Reissue with the latest remastering. Features original cover artwork. Comes with a descripton in Japanese. A later album from reedman Eddie Harris – but a set that still continues some of his best funky styles from the 70s Atlantic Records years! In fact, the record may well be the last that Eddie ever cut in this mode – a real surprise at a time when some of his other sessions were more traditional – and the record's filled with lots of very groovy surprises that include great Fender Rhodes from William Henderson, plus more electric piano from Eddie – who also sings a bit too, in that great raspy tone of his. Rhythms are often pretty great, too – funky, in an offbeat way – thanks to sweet basslines from Larry Gales and drums from Carl Burnett.
Reissue with the latest remastering. Features original cover artwork. Comes with a descripton in Japanese. A great later date from Eddie Harris – only a trio set, but one that often has all the full, soulful currents of some of the reedman's 70s material for Atlantic Records! Eddie plays piano and trumpet in addition to his usual tenor – and often does so at the same time, thanks to the magic of overdub – which also allows Harris to vocalize a bit next to his instrumental passages, with this very cool sound that's both an extension of the vocalizations he'd begun with Les McCann, but also some more familiar jazz singing as well.
When four veterans like Coleman Hawkins, Buddy Tate, Eddie Davis, and Arnett Cobb get together, no longer young bucks that have to prove themselves, they still like to assert their musical masculinity. It is like four old friends in their shirtsleeves or T-shirts, having an old fashioned bull session over beer and pretzels or an equivalent. There is talk of old times, back-slapping, head-shaking, low humor and high hilarity. Troubles of the present are forgotten temporarily as old bonds are reweaved.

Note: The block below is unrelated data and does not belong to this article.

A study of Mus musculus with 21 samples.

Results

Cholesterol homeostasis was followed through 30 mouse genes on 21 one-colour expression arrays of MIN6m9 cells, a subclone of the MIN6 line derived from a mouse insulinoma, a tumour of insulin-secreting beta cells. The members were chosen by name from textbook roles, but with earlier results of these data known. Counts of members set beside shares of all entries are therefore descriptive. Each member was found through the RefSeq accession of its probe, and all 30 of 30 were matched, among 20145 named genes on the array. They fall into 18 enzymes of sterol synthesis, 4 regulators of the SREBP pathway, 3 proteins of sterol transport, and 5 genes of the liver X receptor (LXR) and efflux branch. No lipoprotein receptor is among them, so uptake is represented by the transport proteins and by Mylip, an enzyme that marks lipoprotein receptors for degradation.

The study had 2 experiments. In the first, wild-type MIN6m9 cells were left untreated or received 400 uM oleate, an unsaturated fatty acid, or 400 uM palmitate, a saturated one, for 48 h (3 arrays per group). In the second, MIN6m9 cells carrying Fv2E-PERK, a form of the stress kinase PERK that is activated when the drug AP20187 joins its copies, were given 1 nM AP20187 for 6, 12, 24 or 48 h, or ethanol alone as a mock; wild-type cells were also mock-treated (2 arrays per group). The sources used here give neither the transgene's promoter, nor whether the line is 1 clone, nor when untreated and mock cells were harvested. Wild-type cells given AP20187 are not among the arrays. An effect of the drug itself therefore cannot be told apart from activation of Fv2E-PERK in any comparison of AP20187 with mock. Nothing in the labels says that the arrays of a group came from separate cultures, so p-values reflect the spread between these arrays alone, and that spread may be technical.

The second album pairing Palmieri and Tjader, Bamboleate moves beyond El Sonido Nuevo into the respective territories of each artist. "Bamboleate" is the Latin cooker ones expects from Palmieri but didn't find on the more subdued El Sonido Nuevo. "Semejanza" is an equally affecting jazz lilt led by Tjader. Framed by a melody that could have come straight off the Vince Guaraldi Trio's Charlie Brown Christmas album, it has an equally indelible, locomotive rhythm. Tjader's samba, "Samba de Los Suenho," is a welcome departure from the relative rigidity of El Sonido Nuevo.
Although it is no secret that Emmylou Harris is one of the modern era's most prolific guest vocalists, it's only when you see her appearances laid out one after the other that you realize just how many other performers have called upon her over the years – a gamut that runs from Linda Ronstadt to Little Feat, from Bob Dylan to Bonnie Raitt.